A good title grabs our attention. A great title combats our reduced attention spans and propensity for multi-tasking to capture our attention completely and draw us into the piece itself. Such was the case with a recent headline for a recent Vanguard podcast: “Chasing fund performance may be hazardous to your wealth.”
Interestingly, this wealth-eroding behavior has proven quite common among all investors, across all levels of financial education and wealth. Seemingly, investors can’t stop from chasing last year’s winners, in spite of mountains of evidence suggesting that’s not the way to build wealth.
Vanguard’s recent study details just how much in potential returns investors are leaving on the table when they chase hot-performing equity mutual funds, instead of investing with a buy-and-hold approach. Vanguard found that a simple buy-and-hold approach outperformed a performance-chasing strategy by 2.8 percent per year on average during the ten-year period that they evaluated.
Additionally, I recently read a report by S&P Dow Jones Indices which reviewed the performance of 687 actively managed domestic U.S. equity mutual funds. Out of the 687 funds that were in the top quartile as of March 2012, only 3.78% managed to stay there by the end of March 2014. The conclusion: past performance was not an indicator of future outcomes 96.22% of the time. Further, just 1.90% of the large-cap funds, 3.16% of the mid-cap funds and 4.11% of the small-cap funds remained in the top quartile.
So, why do investors continue to base their investment decisions on past performance? First, if it’s solid, past performance is often the first thing a mutual fund reveals about itself in marketing materials. Of course, those claims are accompanied by the relevant required disclosure that past performance doesn’t guarantee future performance, but that often comes in much smaller print. And, certainly the performance-promoting headlines of personal finance magazines and newspapers don’t give equal weight to performance and the warning that past performance doesn’t translate into future returns.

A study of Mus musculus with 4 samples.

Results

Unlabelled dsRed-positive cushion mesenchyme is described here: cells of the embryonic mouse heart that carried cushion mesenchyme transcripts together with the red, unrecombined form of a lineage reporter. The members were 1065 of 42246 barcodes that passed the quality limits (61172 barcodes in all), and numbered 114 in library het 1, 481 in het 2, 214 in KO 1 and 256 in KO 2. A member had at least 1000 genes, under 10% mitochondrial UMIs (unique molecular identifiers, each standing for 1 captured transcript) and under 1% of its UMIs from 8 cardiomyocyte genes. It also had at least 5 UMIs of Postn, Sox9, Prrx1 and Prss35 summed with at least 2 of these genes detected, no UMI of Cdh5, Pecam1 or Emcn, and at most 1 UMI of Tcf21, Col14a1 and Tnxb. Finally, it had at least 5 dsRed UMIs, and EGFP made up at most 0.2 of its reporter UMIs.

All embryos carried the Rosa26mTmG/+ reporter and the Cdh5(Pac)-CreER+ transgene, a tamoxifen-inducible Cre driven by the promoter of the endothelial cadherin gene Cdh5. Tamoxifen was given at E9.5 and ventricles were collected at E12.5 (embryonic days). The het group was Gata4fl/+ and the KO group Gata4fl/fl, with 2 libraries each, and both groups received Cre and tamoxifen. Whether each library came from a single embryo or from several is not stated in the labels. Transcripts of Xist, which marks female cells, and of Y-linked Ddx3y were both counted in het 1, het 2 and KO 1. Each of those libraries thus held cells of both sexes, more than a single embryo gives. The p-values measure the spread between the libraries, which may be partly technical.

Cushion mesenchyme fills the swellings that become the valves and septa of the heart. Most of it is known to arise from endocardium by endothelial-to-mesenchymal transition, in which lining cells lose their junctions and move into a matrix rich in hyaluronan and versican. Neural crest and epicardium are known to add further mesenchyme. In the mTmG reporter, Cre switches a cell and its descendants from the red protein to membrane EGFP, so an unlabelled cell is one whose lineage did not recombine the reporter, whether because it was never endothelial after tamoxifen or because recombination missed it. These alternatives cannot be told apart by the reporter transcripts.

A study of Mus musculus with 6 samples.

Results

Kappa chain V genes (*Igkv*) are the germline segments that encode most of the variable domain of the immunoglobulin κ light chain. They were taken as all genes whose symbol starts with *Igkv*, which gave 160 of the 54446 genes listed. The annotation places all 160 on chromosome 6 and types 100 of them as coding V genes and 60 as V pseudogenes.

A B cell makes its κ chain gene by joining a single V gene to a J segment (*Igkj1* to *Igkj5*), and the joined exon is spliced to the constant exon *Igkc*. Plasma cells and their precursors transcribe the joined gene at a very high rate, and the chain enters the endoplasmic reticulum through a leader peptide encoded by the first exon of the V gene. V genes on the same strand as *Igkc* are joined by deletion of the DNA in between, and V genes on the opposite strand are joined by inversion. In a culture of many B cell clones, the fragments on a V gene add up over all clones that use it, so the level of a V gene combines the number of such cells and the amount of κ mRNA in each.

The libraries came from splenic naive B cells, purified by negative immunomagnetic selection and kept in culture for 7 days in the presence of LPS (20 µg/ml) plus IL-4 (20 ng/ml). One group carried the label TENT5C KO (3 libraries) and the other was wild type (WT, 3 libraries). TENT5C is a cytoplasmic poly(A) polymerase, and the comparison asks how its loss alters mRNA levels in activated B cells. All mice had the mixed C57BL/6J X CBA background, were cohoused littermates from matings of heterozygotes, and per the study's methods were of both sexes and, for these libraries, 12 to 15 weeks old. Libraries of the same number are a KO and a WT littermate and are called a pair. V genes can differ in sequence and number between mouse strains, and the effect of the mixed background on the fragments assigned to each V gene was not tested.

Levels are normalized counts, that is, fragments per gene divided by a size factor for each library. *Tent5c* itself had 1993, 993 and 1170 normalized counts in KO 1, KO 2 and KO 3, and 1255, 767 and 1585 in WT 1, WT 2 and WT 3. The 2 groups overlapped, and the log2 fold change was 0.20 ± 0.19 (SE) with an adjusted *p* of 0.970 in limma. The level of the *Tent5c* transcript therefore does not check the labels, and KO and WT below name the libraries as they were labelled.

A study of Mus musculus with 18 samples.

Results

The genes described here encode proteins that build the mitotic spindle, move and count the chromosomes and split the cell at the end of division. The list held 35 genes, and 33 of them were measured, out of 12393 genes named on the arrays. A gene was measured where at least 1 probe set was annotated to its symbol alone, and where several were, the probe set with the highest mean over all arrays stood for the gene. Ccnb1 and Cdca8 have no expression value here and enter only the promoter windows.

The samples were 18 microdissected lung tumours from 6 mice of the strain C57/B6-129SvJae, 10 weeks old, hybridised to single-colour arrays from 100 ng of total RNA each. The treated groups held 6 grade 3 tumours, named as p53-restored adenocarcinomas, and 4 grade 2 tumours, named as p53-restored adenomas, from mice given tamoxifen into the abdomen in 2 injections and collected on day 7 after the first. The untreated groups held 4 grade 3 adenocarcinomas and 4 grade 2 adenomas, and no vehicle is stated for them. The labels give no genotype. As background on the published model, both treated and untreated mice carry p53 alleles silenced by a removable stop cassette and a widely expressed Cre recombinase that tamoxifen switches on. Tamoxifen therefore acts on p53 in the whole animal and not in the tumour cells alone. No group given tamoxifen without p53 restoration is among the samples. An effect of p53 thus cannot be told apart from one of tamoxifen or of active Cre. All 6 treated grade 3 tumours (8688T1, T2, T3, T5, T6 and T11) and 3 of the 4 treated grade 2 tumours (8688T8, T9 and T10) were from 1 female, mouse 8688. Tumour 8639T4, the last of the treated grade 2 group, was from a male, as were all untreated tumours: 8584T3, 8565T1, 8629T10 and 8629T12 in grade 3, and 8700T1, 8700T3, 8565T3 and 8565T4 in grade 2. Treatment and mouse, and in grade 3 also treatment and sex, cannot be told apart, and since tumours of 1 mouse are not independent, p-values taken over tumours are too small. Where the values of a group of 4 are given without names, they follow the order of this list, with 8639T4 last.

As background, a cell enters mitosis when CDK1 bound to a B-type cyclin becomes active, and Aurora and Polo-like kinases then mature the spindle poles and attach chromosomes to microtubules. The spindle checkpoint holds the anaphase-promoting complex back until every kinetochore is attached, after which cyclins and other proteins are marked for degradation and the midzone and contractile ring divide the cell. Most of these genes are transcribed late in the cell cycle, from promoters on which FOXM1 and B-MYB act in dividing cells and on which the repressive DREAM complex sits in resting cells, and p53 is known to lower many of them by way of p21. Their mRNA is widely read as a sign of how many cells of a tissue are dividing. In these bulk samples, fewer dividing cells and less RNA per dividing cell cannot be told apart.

Second, really, nowhere else in our lives does the notion that past performance should have nothing to do with future results hold true. Colleges look at a student’s performance in high school to gauge potential for success at the college level. Employers evaluate a candidate’s past work history before making an offer. If you are renovating your kitchen, you check the contractor’s references and assume if he did a great job for your neighbor he’ll do similarly good work for you.
Finally, we all love a sure thing. We want to believe that we have some control over outcomes. If you spend time studying for an exam or preparing a presentation, you expect you will do well. Similarly, if you spend the time to research a mutual fund, you want to believe that your efforts will be rewarded with solid returns.
This universal investing mistake is all the more surprising, of course, because all mutual fund prospectuses include the familiar disclosure, “Past performance in not an indicator of future results.” And yet, quarter to quarter, year to year, investors pay no heed to that clear warning and direct their funds into the hot performing asset classes and sectors.
Commenting on the Vanguard report, Brian Wimmer, a senior analyst at Vanguard Investment Strategy, points out that individual investors are not alone in directing funds into top-performing funds or market sectors. In spite of better information and greater sophistication, institutional investors engage in this behavior too.
In fact, Wimmer details his conversations with institutional investors around the country who revealed that their active manager monitoring process revolves around three-year performance windows. He says, “The underperformers are often put on watch lists after maybe a year or two of underperformance. And then after year three, they’re usually sold because of their underperformance over that shorter two- to three-year time period. And to nobody’s surprise, they’re actually replaced with performers that have done very well over the last three years.”
Here’s our view: For retail and institutional investors, performance-chasing inappropriately focuses attention on the short-term. Further, it encourages the view that investment returns are the lone goal of investing and that it’s worthwhile to compare your portfolio’s returns with those of your colleagues or neighbors. Instead, we advocate building a properly diversified portfolio based on your risk tolerance, time horizon and goals that you can hold for the long-term. Market history and countless studies prove that this is the surest approach to build wealth and meet all of your goals.